Ah, the old days of fighting games. I remember when you couldn’t turn around in an arcade without seeing a new one almost every week. Some companies focused only on that market and created game after game, SNK for example. Fast forward 20-plus years and while not as popular in arcades, fighting games still have a huge following and online community, via in home consoles and PC. Publisher Arc System Works the masterminds behind the Guilty Gear and BlazBlue series has stood out as the most recent company to do this. Now with Chaos Code: New Sign of Catastrophe on the PlayStation 4, gamers will have access to what was originally a 2011 Japanese arcade game.
Also released for the Playstation 3 in the U.S. in 2013, Chaos Code has been around for a while and in various forms, as is the way of some past fighters. Re-releases and updated versions usually come with having support from a community who still craves that game from their last gen system, or who was it updated on their new one. Or, it could just be that the company is hoping for long-time fans to get excited, so they rehash an old game, toss in a couple of extras, a longer title, and then make a money grab.
Chaos Code: New Sign of Catastrophe comes out the gate fast with an intense anime intro and its wall of selectable modes at the first menu. I suggest the practice mode to get your bearings. What you will find is 16 selectable characters, from a robotic suit ninja chick with armor conveniently giving her large chest room to move, to a couple of kids named Cait & Sith, to a very large chef named Bravo. Chaos Code: New Sign of Catastrophe is full of options, though. Players can choose two out of four ability options, how they move, and even color customization from a very small pallet.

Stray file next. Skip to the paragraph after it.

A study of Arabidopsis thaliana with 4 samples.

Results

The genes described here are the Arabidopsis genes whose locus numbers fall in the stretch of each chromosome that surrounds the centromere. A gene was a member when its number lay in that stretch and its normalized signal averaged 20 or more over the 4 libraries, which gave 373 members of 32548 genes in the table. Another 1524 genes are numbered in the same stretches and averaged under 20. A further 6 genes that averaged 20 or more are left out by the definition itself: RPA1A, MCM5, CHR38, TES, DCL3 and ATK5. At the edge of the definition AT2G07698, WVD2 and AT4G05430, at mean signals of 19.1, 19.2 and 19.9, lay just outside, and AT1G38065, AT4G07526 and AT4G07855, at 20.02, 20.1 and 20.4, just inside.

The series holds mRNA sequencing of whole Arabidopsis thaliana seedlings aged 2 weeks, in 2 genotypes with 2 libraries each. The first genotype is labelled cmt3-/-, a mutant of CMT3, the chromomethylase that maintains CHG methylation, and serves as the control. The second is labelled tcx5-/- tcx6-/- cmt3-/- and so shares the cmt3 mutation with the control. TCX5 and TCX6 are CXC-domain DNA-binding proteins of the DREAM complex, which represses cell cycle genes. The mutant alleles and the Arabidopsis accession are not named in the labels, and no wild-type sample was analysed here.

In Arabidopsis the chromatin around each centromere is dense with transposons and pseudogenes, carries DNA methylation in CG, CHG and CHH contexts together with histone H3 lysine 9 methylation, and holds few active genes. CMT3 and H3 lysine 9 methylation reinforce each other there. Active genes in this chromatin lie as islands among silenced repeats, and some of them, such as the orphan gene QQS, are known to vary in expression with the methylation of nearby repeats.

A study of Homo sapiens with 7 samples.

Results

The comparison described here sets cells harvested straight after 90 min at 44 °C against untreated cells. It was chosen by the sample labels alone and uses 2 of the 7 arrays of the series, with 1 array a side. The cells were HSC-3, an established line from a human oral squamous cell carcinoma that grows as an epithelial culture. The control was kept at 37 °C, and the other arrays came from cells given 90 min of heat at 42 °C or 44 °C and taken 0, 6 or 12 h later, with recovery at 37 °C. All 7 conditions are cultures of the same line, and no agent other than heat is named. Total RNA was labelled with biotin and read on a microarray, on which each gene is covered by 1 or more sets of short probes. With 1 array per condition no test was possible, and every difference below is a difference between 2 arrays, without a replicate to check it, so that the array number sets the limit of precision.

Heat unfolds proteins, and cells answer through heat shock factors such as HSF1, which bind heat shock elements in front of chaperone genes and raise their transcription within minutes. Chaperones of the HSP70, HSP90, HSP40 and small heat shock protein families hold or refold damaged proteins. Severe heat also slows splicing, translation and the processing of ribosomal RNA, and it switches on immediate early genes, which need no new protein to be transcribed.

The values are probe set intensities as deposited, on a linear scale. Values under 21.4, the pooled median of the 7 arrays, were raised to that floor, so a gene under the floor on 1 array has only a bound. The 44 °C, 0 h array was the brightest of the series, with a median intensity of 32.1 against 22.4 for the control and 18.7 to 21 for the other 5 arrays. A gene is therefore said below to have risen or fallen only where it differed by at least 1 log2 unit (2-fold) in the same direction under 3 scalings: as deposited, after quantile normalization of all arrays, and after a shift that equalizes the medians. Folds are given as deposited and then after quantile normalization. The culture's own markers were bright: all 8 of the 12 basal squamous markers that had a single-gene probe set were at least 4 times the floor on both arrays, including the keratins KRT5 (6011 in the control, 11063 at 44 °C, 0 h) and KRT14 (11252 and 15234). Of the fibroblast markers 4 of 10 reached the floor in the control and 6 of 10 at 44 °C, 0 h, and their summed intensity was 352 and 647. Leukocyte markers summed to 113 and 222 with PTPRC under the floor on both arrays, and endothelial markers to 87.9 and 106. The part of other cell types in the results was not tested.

Get to know the characters. They are easy to learn and fun to play, depending on your preferences. That is one of the best parts about Chaos Code, it’s very simple to learn and most of the special moves are easy to pull off. When playing the usual short obligatory arcade, or “story” mode, new players can even set the difficulty to a breezy “one” rating. This gives players a chance to get used to the game. There is plenty of surprising depth to the combat in Chaos Code. Enough that fans of the old SNK series should be right at home, playing like it’s 1993. Right down to the comical “physics” of the female characters. Yeah, you know what I mean.
Load times are generally fast, and I saw little lag in Network Vs. mode. My favorite mode is Mission Mode, where you are given specific attacks that are the ONLY way to deal damage to your CPU opponent. It’s very challenging and fun. These challenges unlock points you can use to buy more color pallet options and game art. The soundtrack for Chaos Code is a mix of various j-rock; repetitive and over the top. Yet It fits. The addition of a full wide screen view in this version is very welcome and does make the game feel at least a little more up to date, even if the graphics do not.
Chaos Code: New Sign of Catastrophe is a simple arcade fighter with hidden depth for fans of the genre. It has enough characters to keep players happy and at an MSRP of $19.99 in the PlayStation store, it’s not a huge cost for a short amount of fun. But it really doesn’t bring anything new to the table, sadly. If you find yourself wanting to relive the the SNK-era of fighting games, go for it, but for the rest of us, Chaos Code: New Sign of Catastrophe is a pass.
Chaos Code: New Sign of Catastrophe is available now for PlayStation 4 and PC via Steam. This review is based on a copy provided for that purpose.